A few years ago, Katie's grandmother had a mild heart attack. She spent some time in the hospital, and everyone was very worried about her -- including Katie. The doctor told Katie's family that her grandmother had been very lucky. The heart attack was kind of like a warning. Katie's grandmother had another chance. If she exercised and watched her diet carefully, she could look forward to many years of healthy life. Part of watching her diet meant cutting down on foods with cholesterol in them.
Cholesterol is a fatty material. The body uses it in many different chemical processes. But when too much cholesterol moves through the body in the blood, it can cause trouble.
To help her grandmother get better, Katie decided to find out about healthy heart habits. She went to the library and got out some books on health, and read about the heart. She read that it is a strong muscle that works like a pump to send blood through the body. The blood carries oxygen and food to the billions of cells that form the human body. Doctors call the heart and the network of blood vessels the cardiovascular system. "Cardio" means heart, and "vascular" means veins and arteries.
The heart beats constantly, even when people are sleeping. It's a hard-working organ, which is a good thing, since life depends on it. Medical researchers have found out that too much animal fat and cholesterol in the diet can damage the heart. In some people -- like Katie's grandmother -- cholesterol can gum up the cardiovascular system. It leaves deposits on the inside of the blood vessels, and makes them narrower than normal. This narrowing or blocking can cause chest pain. If the blockage gets serious enough, it can interfere with the flow of blood and oxygen in the heart itself, leading to a heart attack.
Egg yolks and organ meats, like liver, are very high in cholesterol. So Katie's grandmother's favorite breakfast of two fried eggs and a couple of sausages wasn't such a great idea. After her illness, she started eating a breakfast of cereal, fruit and low-fat milk.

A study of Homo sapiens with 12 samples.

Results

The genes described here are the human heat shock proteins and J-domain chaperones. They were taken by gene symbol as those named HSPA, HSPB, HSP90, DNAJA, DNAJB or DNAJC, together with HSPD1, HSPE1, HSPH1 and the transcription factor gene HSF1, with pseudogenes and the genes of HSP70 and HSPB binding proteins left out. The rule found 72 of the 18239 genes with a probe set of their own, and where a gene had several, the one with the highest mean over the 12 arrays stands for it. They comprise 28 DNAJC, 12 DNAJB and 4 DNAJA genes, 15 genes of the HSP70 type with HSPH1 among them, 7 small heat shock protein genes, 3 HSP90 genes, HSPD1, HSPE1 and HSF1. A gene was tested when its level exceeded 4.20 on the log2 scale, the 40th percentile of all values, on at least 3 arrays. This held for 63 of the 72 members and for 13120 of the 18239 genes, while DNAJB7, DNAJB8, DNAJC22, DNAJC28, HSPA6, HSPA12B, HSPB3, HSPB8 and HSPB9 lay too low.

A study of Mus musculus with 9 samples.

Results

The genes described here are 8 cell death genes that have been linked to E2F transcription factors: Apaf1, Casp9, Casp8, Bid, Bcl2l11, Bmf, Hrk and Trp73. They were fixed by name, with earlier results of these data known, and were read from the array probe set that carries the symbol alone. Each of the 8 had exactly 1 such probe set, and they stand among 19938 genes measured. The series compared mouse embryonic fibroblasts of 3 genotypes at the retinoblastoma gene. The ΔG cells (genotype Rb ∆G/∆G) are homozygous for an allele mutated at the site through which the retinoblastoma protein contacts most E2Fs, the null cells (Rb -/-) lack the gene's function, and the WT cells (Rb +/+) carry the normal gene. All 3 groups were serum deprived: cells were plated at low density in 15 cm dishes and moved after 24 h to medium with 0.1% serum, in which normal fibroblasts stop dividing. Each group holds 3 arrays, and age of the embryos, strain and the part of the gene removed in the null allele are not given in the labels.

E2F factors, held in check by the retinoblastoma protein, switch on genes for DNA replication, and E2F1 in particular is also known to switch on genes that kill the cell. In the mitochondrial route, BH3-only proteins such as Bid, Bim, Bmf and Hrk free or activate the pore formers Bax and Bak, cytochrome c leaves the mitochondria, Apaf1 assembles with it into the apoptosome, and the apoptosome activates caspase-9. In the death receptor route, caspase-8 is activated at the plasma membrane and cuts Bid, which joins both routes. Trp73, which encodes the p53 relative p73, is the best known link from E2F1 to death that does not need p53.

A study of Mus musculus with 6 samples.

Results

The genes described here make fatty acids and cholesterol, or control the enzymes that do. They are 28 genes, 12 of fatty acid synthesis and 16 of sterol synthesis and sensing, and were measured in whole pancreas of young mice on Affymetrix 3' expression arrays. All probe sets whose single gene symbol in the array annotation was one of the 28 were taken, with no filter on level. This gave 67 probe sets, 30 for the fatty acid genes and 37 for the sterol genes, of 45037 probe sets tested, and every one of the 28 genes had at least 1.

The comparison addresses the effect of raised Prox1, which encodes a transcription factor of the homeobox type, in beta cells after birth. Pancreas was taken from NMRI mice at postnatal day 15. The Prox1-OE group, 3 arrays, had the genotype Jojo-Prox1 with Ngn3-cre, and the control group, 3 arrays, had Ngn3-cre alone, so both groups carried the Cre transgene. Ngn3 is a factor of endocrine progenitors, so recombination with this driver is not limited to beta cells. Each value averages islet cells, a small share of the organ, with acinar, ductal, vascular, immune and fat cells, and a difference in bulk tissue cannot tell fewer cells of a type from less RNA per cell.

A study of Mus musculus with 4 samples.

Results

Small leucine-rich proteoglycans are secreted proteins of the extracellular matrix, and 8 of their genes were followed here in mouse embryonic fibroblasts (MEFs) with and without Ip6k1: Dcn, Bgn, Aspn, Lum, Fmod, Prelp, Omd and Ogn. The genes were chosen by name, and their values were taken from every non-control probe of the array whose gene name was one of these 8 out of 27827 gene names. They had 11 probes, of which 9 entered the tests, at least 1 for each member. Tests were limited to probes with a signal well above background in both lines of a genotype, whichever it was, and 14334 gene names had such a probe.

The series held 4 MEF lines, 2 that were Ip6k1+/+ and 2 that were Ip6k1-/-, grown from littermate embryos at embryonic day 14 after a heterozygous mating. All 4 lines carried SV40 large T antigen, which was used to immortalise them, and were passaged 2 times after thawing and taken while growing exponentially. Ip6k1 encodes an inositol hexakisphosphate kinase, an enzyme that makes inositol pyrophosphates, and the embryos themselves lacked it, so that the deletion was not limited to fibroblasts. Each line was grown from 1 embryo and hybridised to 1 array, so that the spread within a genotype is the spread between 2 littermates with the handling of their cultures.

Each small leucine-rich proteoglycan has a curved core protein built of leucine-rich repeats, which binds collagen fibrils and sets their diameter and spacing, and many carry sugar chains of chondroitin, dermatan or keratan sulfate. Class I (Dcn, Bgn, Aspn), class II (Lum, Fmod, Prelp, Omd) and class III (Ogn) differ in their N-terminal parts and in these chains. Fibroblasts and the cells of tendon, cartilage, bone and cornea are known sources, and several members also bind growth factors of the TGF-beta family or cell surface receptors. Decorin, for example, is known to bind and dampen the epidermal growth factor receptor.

When her grandmother spends the night at Katie's house, she gets a special treat. Katie makes her a healthy breakfast that's good for her heart. The recipes come from the "Children's Help Your Heart Cookbook" published by the American Heart Association.
She makes French toast -- enough for two so she can eat breakfast with her grandmother. She's careful to use egg whites only, and throws away the yolks. That cuts down the amount of cholesterol in the dish. Here is the recipe:
French Toast Serves 2
Get out these ingredients:
1 Tablespoon water
2 slices of bread
Corn oil margarine for browning.
Mix egg and water. Dip bread in mixture. Fry in corn oil margarine over low heat until brown. Turn and brown on the other side.
Katie serves her French toast with homemade pineapple syrup.
Pineapple Syrup Serves 2
Get out these ingredients:
One-half cup pineapple juice
2 Tablespoons corn oil margarine
Put pineapple juice and margarine in a pan and heat. Pour over French toast.
If you decide to try out these recipes at home, make sure you ask if you can use the kitchen, and get help using the stove if you need it.
Many experts think that learning to avoid foods that can cause cardiovascular problems many years later is a good idea. To keep the heart healthy, it's important to know about the rules of good nutrition. The science of nutrition concerns the foods we eat and how our bodies use them. Nutritionists recommend that we eat a variety of servings from the four main food groups every day. These groups are:
*Poultry and lean meats.
*Milk and milk products.
*Bread and cereals.
*Fruits and vegetables.
Katie's grandmother feels a lot better now. Katie does, too. She's glad her grandmother is recovering. She's also glad that she learned about good eating habits so early in her life. Tips for Parents
The American Heart Association distributes several publications aimed at kids, including the "Children's Help Your Heart Cookbook" and "Dr. Truso's Jet Powered Pedaller," a comic book about nutrition and exercise. The cookbook contains instructions on simple cooking techniques, as well as recipes for meals and snacks. Call the association's local offices at 337-6400 (D.C. Affiliate), 941-8500 (Northern Virginia Chapter) or 229-8100 (Montgomery County Chapter).